Creating a Social Media Strategy

If you haven’t noticed, I’ve been trying to beef up my blog, posting more regularly. I know I’ll be far more effective, if I do that with strategy, versus, half heartedly throwing hand grenades. Plus, you and I both know (well, at least I hope you do) that social media extends far beyond a blog or website. It’s how we interact on Twitter, Facebook, Pinterest, Instagram, and Google+ (just to name a few).

So, where do we start? First, we have to decide what we’re going to focus on. There are hundreds of social networks out there, most of which I’ve never even heard about. For me, I decided I’m going to focus on the big ones. People are already there. I would rather go to my target audience versus waiting around for them to come to me.

Second, I think you have to figure out who your core audience is. This is a difficult one. We want to be everyone’s friend, but it doesn’t work that way…and that’s OK! I was on a conference call with a client earlier this week. We asked them who their core audience was and they said 20-45 year old women. That’s a 25 year age difference! That’s not a core audience! After a few more questions, we were able to narrow that down to young moms. Now we’re starting to get somewhere.

How does this relate to social media? Well, it changes my message. If my core audience is other designers, then I’m going to write about design. I’ll post images that inspire me. I’ll talk about my process. I’ll write about quirks that I find in Photoshop.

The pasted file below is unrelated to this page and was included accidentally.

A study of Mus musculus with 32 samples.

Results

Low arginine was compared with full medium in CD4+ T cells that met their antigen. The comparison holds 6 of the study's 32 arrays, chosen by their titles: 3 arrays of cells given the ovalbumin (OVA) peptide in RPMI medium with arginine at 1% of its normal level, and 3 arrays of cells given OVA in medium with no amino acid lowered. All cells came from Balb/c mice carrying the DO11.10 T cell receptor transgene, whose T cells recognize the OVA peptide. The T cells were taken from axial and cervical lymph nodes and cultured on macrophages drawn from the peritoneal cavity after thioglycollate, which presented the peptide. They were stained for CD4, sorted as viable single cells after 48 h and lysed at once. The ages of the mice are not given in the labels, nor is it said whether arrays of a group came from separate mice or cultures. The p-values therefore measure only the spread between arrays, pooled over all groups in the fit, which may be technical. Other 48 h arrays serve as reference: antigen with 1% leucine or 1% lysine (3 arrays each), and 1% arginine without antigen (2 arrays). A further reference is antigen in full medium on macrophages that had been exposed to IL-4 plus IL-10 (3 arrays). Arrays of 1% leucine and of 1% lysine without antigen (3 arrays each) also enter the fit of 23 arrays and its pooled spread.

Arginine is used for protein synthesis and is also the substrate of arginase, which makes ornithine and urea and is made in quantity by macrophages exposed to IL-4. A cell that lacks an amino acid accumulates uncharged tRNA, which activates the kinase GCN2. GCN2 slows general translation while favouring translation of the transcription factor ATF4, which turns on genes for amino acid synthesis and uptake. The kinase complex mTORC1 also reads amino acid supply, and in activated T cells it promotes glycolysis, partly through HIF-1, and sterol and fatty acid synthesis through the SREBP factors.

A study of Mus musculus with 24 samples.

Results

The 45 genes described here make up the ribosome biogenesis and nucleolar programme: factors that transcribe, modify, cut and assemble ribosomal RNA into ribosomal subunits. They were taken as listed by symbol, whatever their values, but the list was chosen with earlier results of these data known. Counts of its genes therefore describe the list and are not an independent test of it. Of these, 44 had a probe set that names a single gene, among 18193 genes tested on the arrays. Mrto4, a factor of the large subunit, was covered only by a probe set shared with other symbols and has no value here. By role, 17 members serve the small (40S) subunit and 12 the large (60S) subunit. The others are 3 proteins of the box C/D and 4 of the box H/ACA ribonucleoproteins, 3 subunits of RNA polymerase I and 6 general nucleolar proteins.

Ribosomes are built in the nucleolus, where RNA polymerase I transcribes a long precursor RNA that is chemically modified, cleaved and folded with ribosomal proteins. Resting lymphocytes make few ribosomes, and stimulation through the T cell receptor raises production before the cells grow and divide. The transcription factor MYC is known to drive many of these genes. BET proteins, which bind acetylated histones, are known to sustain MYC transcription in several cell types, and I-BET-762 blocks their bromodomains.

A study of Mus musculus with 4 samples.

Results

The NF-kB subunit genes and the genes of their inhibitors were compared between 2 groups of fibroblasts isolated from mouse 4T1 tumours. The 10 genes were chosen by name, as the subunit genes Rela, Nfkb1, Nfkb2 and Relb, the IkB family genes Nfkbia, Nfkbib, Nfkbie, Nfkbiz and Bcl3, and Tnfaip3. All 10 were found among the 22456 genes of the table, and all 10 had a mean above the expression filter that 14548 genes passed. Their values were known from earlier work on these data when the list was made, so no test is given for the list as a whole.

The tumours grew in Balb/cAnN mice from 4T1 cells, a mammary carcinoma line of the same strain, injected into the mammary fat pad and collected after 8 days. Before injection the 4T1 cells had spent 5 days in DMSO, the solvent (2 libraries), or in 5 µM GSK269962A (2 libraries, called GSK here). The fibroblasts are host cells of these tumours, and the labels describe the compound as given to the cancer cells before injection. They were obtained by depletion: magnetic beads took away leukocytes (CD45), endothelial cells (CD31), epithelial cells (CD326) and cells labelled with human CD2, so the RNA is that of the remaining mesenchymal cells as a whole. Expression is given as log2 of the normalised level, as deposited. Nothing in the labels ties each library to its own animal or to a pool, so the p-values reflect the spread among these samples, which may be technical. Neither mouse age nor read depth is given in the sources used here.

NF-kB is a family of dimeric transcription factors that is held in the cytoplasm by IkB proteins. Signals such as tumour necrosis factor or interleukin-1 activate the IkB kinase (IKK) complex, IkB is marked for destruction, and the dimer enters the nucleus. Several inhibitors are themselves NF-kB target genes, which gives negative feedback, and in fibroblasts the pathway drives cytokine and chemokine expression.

If my core audience is programmers, I’ll write about my experience with Code Igniter or jQuery or Ruby. I’ll provide websites that solved my problems. I’ll do my best to contribute to the community.

If my core audience is clients. Then, I’ll do my best to show them that I know what I’m talking about and provide tools to help educate them.

If my core audience is my friends and family, I’ll write about my adventures or things I’m learning.

As you can tell, this is something that I struggle with on my own blog. I have interests in all these areas. For me, I’ve tried to divide these out by categories (101, My Life, Finders Keepers, Programming, Design, and Photography). I would rather everything be housed under 1 site than try and manage 6 different blogs! Honestly, I (still) don’t know if this is effective.

But, one thing I am sure of: my core audience is different based on which medium I am using. For example, on Facebook, I’ve tried to be very intentional about making sure the people I’m friends with are people that I know in real life. They don’t care about how I debug sites on my iPhone and iPad, but they do want to know about my trip to Rio this summer. If I keep posting geek stuff that’s over their head, pretty soon, they’ll start tuning me out and miss the stuff that is actually applicable to them.

Third, there’s the time factor. How much time are you willing to spend each day? How often are you going to post? When are you posting?

One of the hardest things I’ve discovered about social media is staying consistent. I’ll do great for one day, or one week, even. But, it quickly becomes hard to maintain. Social media is not a microwave, though. We like to think it is because things move quickly, in and out, but for us to have any success or have any influence whatsoever, our audience needs to be able to trust us and know that we’re going to be there no matter what. Day in and day out. Yeah, it’s hard. But, anything that has value is hard.

Do you have a social media strategy? Is there another principle you’ve used when creating your social media strategy?